Follow the money
Cool Tips for a Hot Planet
When I was seven, I came into some birthday money: $5! My parents helped me open a Canada Trust bank account with it. My goal: save to buy a pony.
I never did get the pony, but I did use my account to save for my education, a car, and eventually a house. During those years Canada Trust was taken over by TD bank, but my loyalty remained.
I never really thought about what the bank did with the money in my savings account. Thanks to the movie It’s a Wonderful Life, I learned from banker George Bailey “The money’s not there!” as he explained to customers their deposits are rolled into investments – not just hidden away in a vault.
As the world burns, where banks and pension funds direct our money is getting more scrutiny. And when you start paying attention, it doesn’t look pretty, at least for the climate conscious.
According to the recent fossil fuel finance report, Banking on Climate Chaos, Canada’s big five banks have been stoking the fires by financing oil, gas and coal expansion to the tune of $1.1 trillion since the Paris climate accord was signed in 2015. And top of the heap is RBC, which led the world in financing fossil fuels in 2022.
This money is by no means supporting the transition to clean energy. Earlier this year both Shell and BP walked back pledges to shrink oil production and shift to renewables. Chevron and Exxon plan on increasing production of oil and gas, products the UN secretary general calls “incompatible with human survival.” Recently, the new CEO of Suncor, Canada’s second largest energy company, recommitted to oil sands production, saying “We are in the business to make money, and as much of it as possible.”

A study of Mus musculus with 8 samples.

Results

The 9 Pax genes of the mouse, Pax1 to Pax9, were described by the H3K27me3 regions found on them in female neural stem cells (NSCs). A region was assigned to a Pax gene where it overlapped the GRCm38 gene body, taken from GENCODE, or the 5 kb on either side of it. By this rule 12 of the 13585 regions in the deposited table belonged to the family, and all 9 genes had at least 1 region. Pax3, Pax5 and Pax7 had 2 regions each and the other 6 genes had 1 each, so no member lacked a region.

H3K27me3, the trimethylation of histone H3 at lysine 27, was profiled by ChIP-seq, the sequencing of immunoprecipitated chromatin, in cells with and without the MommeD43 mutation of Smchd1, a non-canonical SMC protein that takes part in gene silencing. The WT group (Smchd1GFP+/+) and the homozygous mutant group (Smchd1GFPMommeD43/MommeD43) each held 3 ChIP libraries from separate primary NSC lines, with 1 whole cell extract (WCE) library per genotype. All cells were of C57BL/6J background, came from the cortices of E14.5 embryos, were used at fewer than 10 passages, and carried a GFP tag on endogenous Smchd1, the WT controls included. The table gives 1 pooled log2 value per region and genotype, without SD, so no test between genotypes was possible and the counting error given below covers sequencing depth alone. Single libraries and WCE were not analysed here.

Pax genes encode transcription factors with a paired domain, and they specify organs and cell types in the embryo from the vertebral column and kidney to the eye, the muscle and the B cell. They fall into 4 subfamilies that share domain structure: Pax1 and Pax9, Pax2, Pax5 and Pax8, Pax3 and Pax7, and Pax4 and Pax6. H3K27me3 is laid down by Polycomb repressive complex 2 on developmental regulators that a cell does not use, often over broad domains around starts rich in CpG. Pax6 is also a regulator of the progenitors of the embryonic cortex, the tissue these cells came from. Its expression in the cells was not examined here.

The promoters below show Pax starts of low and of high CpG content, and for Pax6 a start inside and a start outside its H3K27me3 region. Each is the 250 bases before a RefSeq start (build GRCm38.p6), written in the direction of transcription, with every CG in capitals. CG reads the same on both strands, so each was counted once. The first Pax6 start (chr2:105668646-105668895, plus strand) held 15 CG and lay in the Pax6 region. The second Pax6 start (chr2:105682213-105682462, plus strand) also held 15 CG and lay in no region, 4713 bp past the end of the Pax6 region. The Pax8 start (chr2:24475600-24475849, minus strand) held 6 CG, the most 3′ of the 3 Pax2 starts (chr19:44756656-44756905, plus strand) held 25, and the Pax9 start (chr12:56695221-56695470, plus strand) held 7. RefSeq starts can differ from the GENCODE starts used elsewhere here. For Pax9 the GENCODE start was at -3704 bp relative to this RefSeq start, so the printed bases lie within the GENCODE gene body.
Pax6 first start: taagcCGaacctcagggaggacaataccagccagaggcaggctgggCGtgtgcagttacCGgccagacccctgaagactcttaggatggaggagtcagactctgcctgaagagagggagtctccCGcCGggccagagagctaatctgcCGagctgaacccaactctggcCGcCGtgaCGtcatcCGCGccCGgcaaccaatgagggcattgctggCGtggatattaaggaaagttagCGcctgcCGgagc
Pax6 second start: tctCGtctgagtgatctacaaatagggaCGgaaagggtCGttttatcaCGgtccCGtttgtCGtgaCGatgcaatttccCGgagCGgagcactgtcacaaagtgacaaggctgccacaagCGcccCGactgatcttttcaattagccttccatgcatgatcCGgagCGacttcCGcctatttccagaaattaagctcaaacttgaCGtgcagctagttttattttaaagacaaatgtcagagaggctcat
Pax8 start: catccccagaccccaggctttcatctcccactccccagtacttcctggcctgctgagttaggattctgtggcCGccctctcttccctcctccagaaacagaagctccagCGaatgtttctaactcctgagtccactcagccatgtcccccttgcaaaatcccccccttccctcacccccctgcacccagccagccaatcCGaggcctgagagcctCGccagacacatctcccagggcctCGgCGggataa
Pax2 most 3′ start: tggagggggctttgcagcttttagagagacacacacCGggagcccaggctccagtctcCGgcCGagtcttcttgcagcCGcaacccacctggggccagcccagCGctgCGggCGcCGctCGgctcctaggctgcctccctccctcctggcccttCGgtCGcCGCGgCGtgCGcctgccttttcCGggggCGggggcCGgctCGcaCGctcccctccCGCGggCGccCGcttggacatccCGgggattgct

Alarmed by such news, many climate-concerned investors have been pulling their money out of the oil and gas sector. Financial advisors might be reluctant to support that, especially when the fossil fuel industry is raking in mega profits, but times are changing. The head of the International Energy Agency says the writing is on the wall. Energy conservation and the transition to electric cars and new green technology means we will likely see peak oil by 2030. It’s all downhill from there.
Tim Nash, owner of Good Investing, suggests we can direct our money to do less harm by transferring at least some of it from a bank to a credit union. Credit unions tend to invest in the local economy, not in large corporations. Check out your bank’s record at bank.green.
Those with pensions can join Shift Action, which is pushing the big pension funds to adopt more sustainable investment policies.
We can also call out our Canada Pension Plan. Its investment board owns an oil company that recently announced plans to spend $6.2 billion to increase oil production by 60 per cent. Tell them you are not amused.
And contact your MP to urge support for the Climate Aligned Finance Act, currently under study in the Senate. It would ensure that banks and pension funds set and deliver on credible climate plans.
Since we can’t rely on oil and gas companies to voluntarily wind down production, our banks need to pony up and invest our money in a cleaner, safer future.